They go by many names: Global Outreach teams, missions councils, missions teams, missions committees. But in any case, the result seems to be the same when a church appoints a group of missions-minded people to promote and direct the church’s role in missions—a more proactive approach to missions.
Since it formalized a number of years ago, the Global Missions team at Willoughby CRC (Langley, BC) has witnessed this effect firsthand.
“Our church has always had an unwritten posture to be a sending church,” said Liz Tolkamp, member of Willoughby’s team.“But now we have formalized the team, we are more intentional about developing that posture.”
While the Willoughby Global Missions team was established in response to the growing number of requests for financial support from volunteer groups or individuals, its role has since grown to include many other important roles.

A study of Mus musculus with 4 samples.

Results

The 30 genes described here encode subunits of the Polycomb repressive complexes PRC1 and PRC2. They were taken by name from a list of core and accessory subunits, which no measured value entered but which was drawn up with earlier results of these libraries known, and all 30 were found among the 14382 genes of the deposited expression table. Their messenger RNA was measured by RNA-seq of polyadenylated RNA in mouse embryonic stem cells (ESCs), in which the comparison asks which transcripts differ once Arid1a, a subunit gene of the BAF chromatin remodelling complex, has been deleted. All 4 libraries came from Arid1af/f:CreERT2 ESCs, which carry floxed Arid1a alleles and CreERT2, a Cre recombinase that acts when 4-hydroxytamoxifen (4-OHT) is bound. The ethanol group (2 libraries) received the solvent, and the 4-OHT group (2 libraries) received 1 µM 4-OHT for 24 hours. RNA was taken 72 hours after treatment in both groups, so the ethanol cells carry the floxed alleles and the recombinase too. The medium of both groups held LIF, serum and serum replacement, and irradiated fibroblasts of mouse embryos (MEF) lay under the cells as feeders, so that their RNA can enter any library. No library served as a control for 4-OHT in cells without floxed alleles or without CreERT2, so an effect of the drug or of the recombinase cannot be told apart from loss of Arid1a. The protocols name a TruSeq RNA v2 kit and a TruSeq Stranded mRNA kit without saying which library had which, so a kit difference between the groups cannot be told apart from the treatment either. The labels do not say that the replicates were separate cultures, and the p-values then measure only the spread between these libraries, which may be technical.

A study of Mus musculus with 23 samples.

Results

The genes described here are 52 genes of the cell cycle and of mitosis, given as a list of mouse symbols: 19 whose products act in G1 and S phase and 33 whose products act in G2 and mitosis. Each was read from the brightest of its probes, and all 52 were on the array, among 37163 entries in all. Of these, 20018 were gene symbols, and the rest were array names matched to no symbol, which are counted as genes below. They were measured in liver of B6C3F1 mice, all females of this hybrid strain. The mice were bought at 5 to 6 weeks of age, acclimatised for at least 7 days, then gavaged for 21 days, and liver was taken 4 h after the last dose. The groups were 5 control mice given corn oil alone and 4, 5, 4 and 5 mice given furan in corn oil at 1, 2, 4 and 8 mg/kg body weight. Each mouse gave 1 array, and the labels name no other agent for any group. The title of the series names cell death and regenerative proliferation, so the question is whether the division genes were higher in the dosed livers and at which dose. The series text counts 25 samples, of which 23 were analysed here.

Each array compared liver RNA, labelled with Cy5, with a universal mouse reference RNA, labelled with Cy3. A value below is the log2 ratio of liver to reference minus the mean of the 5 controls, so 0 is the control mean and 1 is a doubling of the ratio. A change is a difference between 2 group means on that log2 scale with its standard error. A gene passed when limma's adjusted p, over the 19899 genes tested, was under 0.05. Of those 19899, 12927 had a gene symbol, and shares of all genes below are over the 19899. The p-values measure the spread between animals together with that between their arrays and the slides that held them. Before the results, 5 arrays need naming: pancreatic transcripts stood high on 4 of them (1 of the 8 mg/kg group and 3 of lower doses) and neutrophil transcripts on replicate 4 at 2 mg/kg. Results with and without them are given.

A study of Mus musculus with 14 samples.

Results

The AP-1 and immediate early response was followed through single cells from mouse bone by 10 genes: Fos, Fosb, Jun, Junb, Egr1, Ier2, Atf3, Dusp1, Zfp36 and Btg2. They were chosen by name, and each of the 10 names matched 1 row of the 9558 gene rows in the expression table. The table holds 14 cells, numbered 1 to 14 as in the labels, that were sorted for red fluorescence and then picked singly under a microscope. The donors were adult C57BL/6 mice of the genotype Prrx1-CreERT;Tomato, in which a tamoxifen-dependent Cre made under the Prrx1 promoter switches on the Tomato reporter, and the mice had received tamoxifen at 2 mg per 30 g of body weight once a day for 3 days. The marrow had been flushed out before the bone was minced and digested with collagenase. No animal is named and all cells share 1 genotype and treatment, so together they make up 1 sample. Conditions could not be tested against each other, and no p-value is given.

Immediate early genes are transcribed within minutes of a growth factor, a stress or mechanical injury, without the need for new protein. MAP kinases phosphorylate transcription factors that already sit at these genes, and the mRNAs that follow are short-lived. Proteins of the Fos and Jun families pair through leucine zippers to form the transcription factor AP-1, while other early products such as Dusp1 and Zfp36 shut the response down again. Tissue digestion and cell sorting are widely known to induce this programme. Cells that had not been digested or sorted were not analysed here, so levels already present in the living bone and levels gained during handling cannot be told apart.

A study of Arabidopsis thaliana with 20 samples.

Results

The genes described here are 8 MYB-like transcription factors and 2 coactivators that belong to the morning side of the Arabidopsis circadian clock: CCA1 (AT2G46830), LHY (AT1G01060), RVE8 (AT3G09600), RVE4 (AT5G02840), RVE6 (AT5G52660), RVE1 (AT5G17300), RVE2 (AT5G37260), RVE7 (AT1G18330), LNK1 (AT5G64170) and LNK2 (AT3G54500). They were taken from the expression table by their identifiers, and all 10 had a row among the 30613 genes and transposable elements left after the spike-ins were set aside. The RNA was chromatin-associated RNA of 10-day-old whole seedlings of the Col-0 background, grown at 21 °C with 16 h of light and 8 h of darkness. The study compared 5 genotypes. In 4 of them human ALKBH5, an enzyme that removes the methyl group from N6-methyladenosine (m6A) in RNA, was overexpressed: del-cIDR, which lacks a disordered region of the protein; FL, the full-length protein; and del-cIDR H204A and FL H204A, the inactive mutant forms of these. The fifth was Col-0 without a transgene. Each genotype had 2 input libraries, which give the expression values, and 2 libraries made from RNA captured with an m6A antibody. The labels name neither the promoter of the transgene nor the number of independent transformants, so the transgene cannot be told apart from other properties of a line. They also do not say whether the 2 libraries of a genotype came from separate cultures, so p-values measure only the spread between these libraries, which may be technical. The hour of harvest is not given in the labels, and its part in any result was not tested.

“What can be a big frustration for churches is when things fall through the gaps,” said Liz. “So much information is coming into churches— having a mechanism in place to process this information is important for assisting the congregation in identifying its global outreach.”
The team from Willoughby took part in a workshop led by CRWM staff, where they were introduced to some of the keys for successful GO Team operation.
“When a church administrator can regularly send information about missions to a place where it is processed in an organized, thoughtful way, that makes a big difference,” added Liz.
Does your church have a Global Outreach team? How does this team help members of your church take ownership of mission work? If you would like help in starting a Global Outreach team or in reviewing your current mandate, CRWM offers resources for your church. Contact Trish DeJong (email@example.com) in Canada or Marcea Holtrop (firstname.lastname@example.org) in the US.